Elmhurst supports Scotland’s Draft Heat in Buildings Strategy
Elmhurst has released its final response to one of Scottish Government’s Heat in Buildings Strategy consultation.
The strategy highlighted within this 185 page document updates both the previous Energy Efficient Scotland Route Map and the Heat Policy Statement, and establishes a clear direction as to how Scotland will achieve its ambition of Net Zero by 2045. Its primary aim is to decarbonise homes and workplaces which accounts for approximately 21% of Scotland’s total greenhouse gas emissions.
Scottish Government has proposed an interim 2030 target as part of its pathway to net zero by 2045. This interim target will will see 1 million homes and an estimated 50,000 non-domestic buildings using low and zero emission heating systems.
Elmhurst believes that it is necessary to:
- update the current models and tools so to get to as close to the truth as possible. The national calculation methodologies of SBEM and SAP must receive investment to ensure upmost accuracy and consistency of the information we are providing within the industry.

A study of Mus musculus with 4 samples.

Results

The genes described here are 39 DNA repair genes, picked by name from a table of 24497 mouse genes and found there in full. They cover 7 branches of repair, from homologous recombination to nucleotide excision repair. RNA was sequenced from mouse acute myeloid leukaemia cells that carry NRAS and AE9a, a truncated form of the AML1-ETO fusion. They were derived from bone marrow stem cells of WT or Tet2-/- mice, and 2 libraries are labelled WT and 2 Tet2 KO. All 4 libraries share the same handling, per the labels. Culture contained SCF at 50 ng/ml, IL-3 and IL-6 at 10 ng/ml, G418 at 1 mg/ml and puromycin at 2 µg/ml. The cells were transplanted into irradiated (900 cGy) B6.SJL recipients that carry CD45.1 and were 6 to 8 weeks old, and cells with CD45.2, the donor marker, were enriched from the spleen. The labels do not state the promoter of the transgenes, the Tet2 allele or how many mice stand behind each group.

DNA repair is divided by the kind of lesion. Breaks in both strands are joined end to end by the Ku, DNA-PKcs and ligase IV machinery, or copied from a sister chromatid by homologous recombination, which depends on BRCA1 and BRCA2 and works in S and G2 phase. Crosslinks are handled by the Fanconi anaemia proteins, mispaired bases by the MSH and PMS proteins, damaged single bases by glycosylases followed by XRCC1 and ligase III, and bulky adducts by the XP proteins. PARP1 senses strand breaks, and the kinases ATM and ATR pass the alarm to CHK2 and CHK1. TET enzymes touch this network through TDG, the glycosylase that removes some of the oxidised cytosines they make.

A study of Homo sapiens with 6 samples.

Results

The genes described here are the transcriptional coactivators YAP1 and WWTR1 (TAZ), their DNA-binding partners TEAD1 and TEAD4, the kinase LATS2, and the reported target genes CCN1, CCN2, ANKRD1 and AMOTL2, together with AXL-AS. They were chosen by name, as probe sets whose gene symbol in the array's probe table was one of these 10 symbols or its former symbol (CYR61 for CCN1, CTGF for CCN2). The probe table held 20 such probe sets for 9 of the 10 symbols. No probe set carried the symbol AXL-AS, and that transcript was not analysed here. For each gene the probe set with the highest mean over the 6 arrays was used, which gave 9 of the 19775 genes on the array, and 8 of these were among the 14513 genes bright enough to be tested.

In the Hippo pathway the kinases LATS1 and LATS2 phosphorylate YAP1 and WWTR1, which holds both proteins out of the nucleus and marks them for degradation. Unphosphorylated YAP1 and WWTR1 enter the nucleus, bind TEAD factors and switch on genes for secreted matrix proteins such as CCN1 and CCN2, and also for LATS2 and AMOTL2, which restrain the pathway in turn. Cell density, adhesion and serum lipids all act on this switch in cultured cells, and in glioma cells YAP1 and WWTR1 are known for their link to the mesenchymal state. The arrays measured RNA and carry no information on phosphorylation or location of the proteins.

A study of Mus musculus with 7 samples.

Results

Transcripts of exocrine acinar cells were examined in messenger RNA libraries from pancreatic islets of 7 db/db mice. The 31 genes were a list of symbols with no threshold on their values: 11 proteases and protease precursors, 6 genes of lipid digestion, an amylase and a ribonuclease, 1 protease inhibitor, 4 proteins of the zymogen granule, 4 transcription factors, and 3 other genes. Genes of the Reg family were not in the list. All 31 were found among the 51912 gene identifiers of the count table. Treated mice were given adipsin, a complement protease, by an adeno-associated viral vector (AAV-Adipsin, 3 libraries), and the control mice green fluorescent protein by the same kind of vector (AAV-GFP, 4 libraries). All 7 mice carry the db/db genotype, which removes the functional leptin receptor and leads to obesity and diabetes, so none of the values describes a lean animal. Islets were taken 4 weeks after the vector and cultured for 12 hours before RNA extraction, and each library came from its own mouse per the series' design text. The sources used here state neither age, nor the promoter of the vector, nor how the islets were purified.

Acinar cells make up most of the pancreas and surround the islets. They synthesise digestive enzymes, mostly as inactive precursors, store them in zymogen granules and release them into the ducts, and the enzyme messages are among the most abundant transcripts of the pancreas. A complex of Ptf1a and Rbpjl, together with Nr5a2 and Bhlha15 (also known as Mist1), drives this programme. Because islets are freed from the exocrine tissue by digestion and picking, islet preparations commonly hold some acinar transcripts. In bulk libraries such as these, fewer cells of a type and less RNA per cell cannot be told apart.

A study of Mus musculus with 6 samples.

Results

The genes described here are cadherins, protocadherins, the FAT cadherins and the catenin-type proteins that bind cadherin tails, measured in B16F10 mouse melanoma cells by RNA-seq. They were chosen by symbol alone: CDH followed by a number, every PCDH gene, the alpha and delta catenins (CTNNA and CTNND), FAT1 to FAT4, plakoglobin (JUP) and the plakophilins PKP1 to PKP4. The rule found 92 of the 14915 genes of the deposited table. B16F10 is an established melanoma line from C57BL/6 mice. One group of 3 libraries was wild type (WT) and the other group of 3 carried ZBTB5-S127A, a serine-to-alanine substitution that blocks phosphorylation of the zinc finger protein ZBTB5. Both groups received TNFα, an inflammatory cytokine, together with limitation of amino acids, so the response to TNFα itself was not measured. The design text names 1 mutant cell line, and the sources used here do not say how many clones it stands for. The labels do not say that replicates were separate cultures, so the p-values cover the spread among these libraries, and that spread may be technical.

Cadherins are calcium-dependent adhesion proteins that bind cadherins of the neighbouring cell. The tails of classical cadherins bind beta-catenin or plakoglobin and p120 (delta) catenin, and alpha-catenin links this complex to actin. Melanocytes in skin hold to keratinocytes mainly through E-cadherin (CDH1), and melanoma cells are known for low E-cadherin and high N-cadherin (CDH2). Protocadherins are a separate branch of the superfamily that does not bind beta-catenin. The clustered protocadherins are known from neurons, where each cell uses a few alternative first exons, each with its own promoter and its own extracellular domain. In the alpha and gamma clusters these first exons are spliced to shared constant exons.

- develop new tools which illustrate the opportunities for energy efficiency in a way that encourages good decisions.
- reformat the EPC to ensure equal exposure is given to cost, energy and carbon impact. This would allow a more holistic and useful result to be provided by an EPC, and perhaps an alignment of the metric used at the core of EPCs could be reviewed.
- Implement deep retrofit improvement using the principles of PAS 2035/2038
Elmhurst’s Technical and Operations Director, Stuart Fairlie, commented: “We welcome Scotland’s vision for a future of energy efficiency in all homes and commercial buildings. Scotland has always been very proactive in terms of efficiency and the pathway established in this consulation certainly sets out a cleaner, warmer and more energy efficient future for the country. Our overarching response to this consultation is to not reinvent the wheel but to utilise the knowledge and expertise of existing professionals, methodologies and frameworks”.
View Elmhurst’s full consultation response here.